Distributed Policy Synthesis of MultiAgent Systems With Graph Temporal Logic Specifications
We study the distributed synthesis of policies for multiagent systems t...
In this paper, we consider networks of static sensors with integrated se...
In hierarchical planning for Markov decision processes (MDPs), temporal ...
Recent work has addressed using formulas in linear temporal logic (LTL) ...
We synthesize shared control protocols subject to probabilistic temporal...
Bertrand et al. introduced a model of parameterised systems, where each ...
The planning domain has experienced increased interest in the formal syn...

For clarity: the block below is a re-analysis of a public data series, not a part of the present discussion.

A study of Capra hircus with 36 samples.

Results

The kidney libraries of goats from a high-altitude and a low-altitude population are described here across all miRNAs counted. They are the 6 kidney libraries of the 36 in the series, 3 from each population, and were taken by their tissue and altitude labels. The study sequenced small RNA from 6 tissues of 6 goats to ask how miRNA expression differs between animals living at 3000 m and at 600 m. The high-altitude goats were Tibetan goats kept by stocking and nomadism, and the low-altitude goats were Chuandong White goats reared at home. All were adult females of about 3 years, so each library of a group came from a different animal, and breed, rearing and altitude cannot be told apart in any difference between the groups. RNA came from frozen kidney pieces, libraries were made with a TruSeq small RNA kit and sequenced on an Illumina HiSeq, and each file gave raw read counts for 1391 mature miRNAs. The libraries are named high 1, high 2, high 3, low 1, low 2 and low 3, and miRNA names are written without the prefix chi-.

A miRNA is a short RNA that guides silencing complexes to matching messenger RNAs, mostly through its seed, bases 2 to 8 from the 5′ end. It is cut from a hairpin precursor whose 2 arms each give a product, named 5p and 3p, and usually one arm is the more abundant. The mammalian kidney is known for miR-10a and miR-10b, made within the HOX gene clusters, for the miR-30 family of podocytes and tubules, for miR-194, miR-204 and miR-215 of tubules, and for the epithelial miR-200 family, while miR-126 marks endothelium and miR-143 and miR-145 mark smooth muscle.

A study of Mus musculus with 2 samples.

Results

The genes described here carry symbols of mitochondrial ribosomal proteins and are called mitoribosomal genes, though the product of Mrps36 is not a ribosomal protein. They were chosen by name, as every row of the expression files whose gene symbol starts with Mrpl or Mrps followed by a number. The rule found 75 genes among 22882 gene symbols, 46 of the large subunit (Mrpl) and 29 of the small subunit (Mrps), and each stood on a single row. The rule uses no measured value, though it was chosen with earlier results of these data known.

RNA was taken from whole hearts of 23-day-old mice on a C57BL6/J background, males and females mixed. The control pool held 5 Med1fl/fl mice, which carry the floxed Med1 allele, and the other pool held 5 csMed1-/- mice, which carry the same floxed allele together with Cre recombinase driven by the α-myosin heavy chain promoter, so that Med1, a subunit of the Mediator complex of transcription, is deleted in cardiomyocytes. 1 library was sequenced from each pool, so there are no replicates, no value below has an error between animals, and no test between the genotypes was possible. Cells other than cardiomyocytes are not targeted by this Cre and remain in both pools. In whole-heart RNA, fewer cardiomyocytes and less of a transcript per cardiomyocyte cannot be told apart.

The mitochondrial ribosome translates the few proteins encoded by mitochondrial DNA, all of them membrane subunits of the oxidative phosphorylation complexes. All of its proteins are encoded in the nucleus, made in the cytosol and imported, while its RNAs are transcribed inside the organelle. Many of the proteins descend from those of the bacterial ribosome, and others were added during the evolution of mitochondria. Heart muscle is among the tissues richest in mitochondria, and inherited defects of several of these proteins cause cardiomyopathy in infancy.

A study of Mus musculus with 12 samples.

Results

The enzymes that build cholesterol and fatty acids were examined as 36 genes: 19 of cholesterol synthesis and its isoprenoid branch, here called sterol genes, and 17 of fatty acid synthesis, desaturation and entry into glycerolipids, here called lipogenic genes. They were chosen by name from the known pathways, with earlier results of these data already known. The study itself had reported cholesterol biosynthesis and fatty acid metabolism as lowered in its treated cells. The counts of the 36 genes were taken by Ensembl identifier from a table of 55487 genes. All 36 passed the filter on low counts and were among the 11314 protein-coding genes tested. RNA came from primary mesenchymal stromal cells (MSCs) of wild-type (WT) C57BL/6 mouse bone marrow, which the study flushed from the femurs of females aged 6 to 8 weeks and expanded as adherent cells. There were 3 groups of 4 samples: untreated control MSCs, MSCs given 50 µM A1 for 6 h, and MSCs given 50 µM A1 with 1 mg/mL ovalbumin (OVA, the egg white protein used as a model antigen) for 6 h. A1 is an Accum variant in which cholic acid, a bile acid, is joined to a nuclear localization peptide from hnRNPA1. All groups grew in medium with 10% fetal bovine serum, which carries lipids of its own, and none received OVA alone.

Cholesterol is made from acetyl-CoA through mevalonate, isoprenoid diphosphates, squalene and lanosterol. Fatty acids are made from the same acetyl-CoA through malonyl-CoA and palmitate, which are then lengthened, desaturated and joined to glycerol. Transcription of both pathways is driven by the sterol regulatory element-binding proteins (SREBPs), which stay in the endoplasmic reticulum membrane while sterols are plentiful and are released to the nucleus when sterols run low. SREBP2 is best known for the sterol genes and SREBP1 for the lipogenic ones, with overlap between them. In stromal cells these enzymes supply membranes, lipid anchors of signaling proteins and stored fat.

We study the synthesis of policies for multiagent systems to implement spatialtemporal tasks. We formalize the problem as a factored Markov decision process subject to socalled graph temporal logic specifications. The transition function and the spatialtemporal task of each agent depend on the agent itself and its neighboring agents. The structure in the model and the specifications enable to develop a distributed algorithm that, given a factored Markov decision process and a graph temporal logic formula, decomposes the synthesis problem into a set of smaller synthesis problems, one for each agent. We prove that the algorithm runs in time linear in the total number of agents. The size of the synthesis problem for each agent is exponential only in the number of neighboring agents, which is typically much smaller than the number of agents. We demonstrate the algorithm in case studies on disease control and urban security. The numerical examples show that the algorithm can scale to hundreds of agents.